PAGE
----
Larry Wilmore can keep calm. But can he carry the show?

Jon Stewart’s mild-mannered ‘black correspondent’ is more than the new Stephen Colbert—and he’ll have to be, as he’s set to take his time slot
Peter Yang/Comedy Central
Peter Yang/Comedy Central

Larry Wilmore isn’t your typical comedy star. He’s bald, 53 years old, soft-spoken and mild-mannered. But if Wilmore’s comedy is quiet, he’s been quietly using it to accomplish big things: first as a creator of TV shows with African-American leads, then as the longtime “senior black correspondent” on The Daily Show, and now as the host of The Nightly Show With Larry Wilmore, which takes over Stephen Colbert’s old time slot on Jan.19. Through it all, he’s come off as a guy who is passionate and yet always manages to remain calm: “He’s quick-witted, affable and very funny,” says comedy writer Michael Price (The Simpsons), who worked with Wilmore on two shows, “but in the same cool, non-showy style he uses on The Daily Show and, I assume, he’ll use on The Nightly Show.”

Wilmore’s unusual comedy style may have to do with the fact that although he started as a performer, he’s spent most of his career out of the spotlight as a writer-producer: “I was aware of Larry’s background in stand-up, and I knew he was also a fine magician, but he was always a writer to me,” Price says. After working on shows such as Fresh Prince of Bel-Air, Wilmore was responsible for two comedies that broke new ground in technique and subject matter for African-American sitcoms. He, Eddie Murphy and Steve Tompkins created the animated The PJs, about life in a housing project. And, in 2001, Wilmore created the family comedy The Bernie Mac Show, using cinematic, fourth-wall-breaking gimmicks that only a few sitcoms were trying at the time. But while he’s still in demand as a writer, he’s had to put some of that aside because he’s so hot as a performer: He was running Black-ish until he had to leave to star in his own show.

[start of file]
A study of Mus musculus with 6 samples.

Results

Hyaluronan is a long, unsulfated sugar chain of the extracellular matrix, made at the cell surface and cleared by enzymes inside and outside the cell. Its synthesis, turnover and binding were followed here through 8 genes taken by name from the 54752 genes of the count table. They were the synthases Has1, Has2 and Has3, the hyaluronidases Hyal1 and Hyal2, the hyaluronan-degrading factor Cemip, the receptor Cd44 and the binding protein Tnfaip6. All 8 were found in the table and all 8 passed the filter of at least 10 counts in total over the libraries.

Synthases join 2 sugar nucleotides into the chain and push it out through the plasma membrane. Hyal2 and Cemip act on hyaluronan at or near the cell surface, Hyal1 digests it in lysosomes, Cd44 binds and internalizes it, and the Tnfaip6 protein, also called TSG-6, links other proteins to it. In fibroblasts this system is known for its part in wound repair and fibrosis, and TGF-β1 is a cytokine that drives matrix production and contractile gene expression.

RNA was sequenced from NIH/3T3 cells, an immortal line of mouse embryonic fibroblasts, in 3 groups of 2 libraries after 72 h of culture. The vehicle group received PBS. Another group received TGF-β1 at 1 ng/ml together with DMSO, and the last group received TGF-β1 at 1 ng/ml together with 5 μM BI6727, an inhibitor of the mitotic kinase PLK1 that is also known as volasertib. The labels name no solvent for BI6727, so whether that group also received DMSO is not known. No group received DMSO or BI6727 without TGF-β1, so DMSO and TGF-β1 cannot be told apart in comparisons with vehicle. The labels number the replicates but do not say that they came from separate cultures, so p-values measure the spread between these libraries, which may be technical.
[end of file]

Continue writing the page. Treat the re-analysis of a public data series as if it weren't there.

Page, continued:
What changed the direction of Wilmore’s fruitful career writing and creating TV shows was the U.S. version of The Office. He was a consulting producer on that show, but also appeared in the second episode as a diversity consultant. “I loved how understated and realistic he was, managing to get all the comedy out of his part while providing a calm and dignified foil for Steve Carell’s Michael Scott,” recalls The Office showrunner Greg Daniels. “His experience as a producer interacting with the top network executives gave him a feel for business behaviour. We couldn’t have improved on his performance by hiring a more famous actor.”


The exposure helped to lead Wilmore to The Daily Show, where that calm dignity continued to be his trademark, setting him apart from the other regulars, who tended to be louder and more frantic. Usually seated at the desk next to the host, Wilmore used his restrained tone to take on bigoted politicians and pundits, mock Disney’s self-congratulation over finally creating a black princess, and even make fun of Stewart’s very white audience: “Attention, black people who watch The Daily Show,” he once said, “the three of you had better listen up.” He helped to pave the way for the current incarnation of The Daily Show, which deals more regularly with race than it used to, and gives larger opportunities to younger black comedians such as Jessica Williams.

That position as a comic pioneer has occasionally led some people to downplay how funny he is. The Nightly Show was originally announced with the clumsier title “Minority Report.” And Stewart, who produces the show, told Entertainment Weekly that he pitched it as a vehicle “for voices that were not necessarily as prominent in the dialogue.”

This might not sound like the best publicity for a comedy, but Wilmore has never found it a problem being both funny and enlightening. Price says that when he worked for Wilmore on The PJs, “we were taking on some big issues with the show, dealing with the black experience in America—the bleakness of HUD-era housing projects, systemic discrimination, interracial marriage, childhood obesity.” Wilmore urged his writers “to find the humour in these important ideas—to be smart and not go for the easy laugh.” That combination, of social conscience and smart comedy, is likely what he’ll be bringing to The Nightly Show—and all without talking very loudly.